Roxanne Gay recently agonized over the profusion of literary magazines available to too few readers:
One of the primary challenges with getting people to buy magazines is that there are too many. It’s not that magazines aren’t doing great work or that editors aren’t marketing their product well or that they haven’t found the right price point or whatever magical solution we’re all desperately searching for. People want to read the exciting work in Magazines A, B, C, D, E, F, and G through Z but it’s not financially feasible to subscribe to all those magazines and there’s so much noise that it’s hard to find a way of saying that Magazine P is worth buying over Magazine V. . . .
The same problem exists with books, something that the closing of Borders only reinforces:
People milled about the store like buzzards feasting on a carrion and hey, I was there too, looking for bargains. . .As I looked around the store, even in it’s diminished capacity, I thought, “This is too much.” How could anyone possibly know what to read in that store swollen with books, too many of them mediocre? How could any reading experience be meaningful amidst so many choices?
I certainly agree that "too many" of the books available in most bookstores--even the beloved "independent" stores-- are "mediocre," but I have to say I also think too many, probably even a majority, of the fiction published in literary magazines (A-Z) is mediocre as well. If there is a source of the feeling there are too many magazines publishing more fiction than anyone could possibly read, it is here, in the stuffing of literary magazines with stories few will read because they aren't really worth reading, are most likely being published because the authors need the credits to keep their creative writing teaching jobs, just as most of the magazines exist in the first place to bestow such credits.
I realize this is a harsh assessment, but it seems to me that anyone truly interested in addressing the oversupply problem Roxanne Gay has honestly described needs first of all to acknowledge my assessment isn't completely inaccurate. There is sometimes "exciting work" to be found in many literary magazines--and not just the most well-known--but the real problem is being able to keep track of that exciting work in the midst of so much that is just perfunctory. Literary magazines have historically played an important role in maintaining the vitality of American fiction and poetry, and they need to continue playing that role. However, for that to happen their mission must first of all be to provide a place for the publication of potentially significant additions to literature, not of routine, indifferent work by instructors wanting tenure or aspiring "authors" whose fondest wish is to "be published" rather than to write interesting poetry and fiction.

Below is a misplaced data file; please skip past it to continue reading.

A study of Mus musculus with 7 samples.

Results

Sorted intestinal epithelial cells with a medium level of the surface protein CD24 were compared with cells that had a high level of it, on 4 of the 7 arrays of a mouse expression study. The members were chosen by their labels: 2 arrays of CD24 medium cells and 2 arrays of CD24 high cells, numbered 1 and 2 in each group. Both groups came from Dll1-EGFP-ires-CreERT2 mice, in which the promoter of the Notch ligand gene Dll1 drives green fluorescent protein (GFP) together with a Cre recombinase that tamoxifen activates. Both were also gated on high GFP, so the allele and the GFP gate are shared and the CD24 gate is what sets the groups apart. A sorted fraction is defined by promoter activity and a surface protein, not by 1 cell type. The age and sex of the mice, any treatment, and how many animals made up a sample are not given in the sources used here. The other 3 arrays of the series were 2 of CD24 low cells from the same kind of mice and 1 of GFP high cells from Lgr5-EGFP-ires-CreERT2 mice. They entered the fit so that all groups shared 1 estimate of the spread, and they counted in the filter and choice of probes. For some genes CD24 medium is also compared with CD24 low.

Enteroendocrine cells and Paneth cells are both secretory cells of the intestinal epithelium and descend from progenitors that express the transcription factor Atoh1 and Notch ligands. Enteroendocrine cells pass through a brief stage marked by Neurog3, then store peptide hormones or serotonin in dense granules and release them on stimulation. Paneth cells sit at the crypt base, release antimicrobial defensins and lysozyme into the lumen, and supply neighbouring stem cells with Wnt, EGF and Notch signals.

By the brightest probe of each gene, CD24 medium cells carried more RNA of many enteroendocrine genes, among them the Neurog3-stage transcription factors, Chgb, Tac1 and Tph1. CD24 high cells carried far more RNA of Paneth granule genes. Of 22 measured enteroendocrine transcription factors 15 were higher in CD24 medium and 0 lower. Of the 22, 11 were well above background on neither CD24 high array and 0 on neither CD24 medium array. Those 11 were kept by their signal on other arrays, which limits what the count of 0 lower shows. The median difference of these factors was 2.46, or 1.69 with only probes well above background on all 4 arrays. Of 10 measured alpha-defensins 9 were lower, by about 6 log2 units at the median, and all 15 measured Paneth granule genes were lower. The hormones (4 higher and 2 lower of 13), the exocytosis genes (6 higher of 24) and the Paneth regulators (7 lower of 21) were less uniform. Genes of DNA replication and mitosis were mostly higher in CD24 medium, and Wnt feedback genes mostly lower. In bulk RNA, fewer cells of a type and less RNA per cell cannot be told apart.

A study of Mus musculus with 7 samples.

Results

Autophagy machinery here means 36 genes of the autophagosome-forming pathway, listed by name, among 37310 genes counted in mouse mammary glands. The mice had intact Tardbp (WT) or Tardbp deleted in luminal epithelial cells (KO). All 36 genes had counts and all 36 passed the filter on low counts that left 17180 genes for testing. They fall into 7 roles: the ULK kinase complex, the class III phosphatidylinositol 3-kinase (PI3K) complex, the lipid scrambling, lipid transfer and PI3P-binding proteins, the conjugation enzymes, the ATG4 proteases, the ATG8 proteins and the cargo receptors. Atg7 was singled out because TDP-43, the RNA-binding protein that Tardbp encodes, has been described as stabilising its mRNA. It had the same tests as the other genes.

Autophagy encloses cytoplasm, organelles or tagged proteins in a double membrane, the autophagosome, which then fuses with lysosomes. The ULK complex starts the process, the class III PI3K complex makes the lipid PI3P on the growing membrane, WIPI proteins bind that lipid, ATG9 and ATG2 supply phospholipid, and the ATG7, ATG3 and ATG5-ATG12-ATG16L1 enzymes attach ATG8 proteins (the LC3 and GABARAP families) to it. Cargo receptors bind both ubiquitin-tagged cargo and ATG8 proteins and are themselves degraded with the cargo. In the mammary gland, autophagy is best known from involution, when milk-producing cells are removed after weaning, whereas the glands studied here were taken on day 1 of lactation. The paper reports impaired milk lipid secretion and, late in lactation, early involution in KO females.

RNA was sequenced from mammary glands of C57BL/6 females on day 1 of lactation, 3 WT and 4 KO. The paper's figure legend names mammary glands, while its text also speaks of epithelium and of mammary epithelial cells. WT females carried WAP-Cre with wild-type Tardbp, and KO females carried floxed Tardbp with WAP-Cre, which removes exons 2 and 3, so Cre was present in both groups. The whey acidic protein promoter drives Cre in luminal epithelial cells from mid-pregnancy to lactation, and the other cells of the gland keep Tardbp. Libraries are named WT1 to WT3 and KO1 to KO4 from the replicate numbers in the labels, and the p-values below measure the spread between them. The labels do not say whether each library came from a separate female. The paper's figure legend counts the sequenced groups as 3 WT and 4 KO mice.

Gay wonders whether the underlying problem is that "everyone wants to be an editor." Starting up a new magazine and publishing worthy writers seems a noble calling, never mind the difficulties of actually getting your magazine into the hands (or on the screens) of actual readers, and so there is a lot of starting-up and not enough following-through.
Another magazine where the editors don’t know how they’re going to fund each print issue? Are these magazines, multiplying exponentially, really going to offer something we’ve never seen before? Is becoming an editor really that important?
I would suggest instead that editors and would-be editors are making a mistake by not including more literary criticism among the contents of their journals. A few magazines run a few book reviews in a given issue, but these reviews tend to be relatively brief, short on analysis and long on boosterism. It is understandable that reviewers in such a context would want to reinforce a sense of literary community, but finally that is precisely the biggest problem: Literary magazines may be the only remaining site of what could be called a common literary culture, and one wants to encourage and cultivate that culture, but not at the expense of a frank estimation of practices and achievements. The current situation, in which academics no longer engage in "mere" evaluation and appraisal, and in which newspaper and magazine reviewing is becoming more and more cursory when it isn't simply disappearing, in my opinion no longer makes it acceptable for literary magazines to blunt a necessary critical edge.
It seems to me that literary culture is just as likely to wither away through the neglect of impartial, substantive criticism as it is through the oversupply (or undersupply) of literary magazines per se. Without it, literary works just get folded into the "entertainment culture," and since poetry and serious fiction cannot hope to compete with most of the other choices offered by this culture, it is permanently marginalized, without even the lingering respect conferred by tradition. Without conscientious criticism, which goes beyond making superficial judgments of value and attempts to explain, describe, interpret, works of literature disappear into the undifferentiated mass at which Roxanne Gay despairs.
Why couldn't literary magazines include such criticism as part of their effort to maintain a literary culture? Surely one or two substantial book reviews and/or an essay on a contemporary writer or work wouldn't deprive many deserving stories or poems of their space. Such criticism might even make that space seem more valuable. Perhaps an especially intrepid editor might invite a critical examination of one or more of the "creative" contributions in the present, or a past, issue. Beyond helping readers make specific decisions about what to read and appropriate discriminations in what they have read, critical contributions like this might help readers understand why what they read is important, why continuing to publish and read literary magazines is important. They might help to reduce the noise.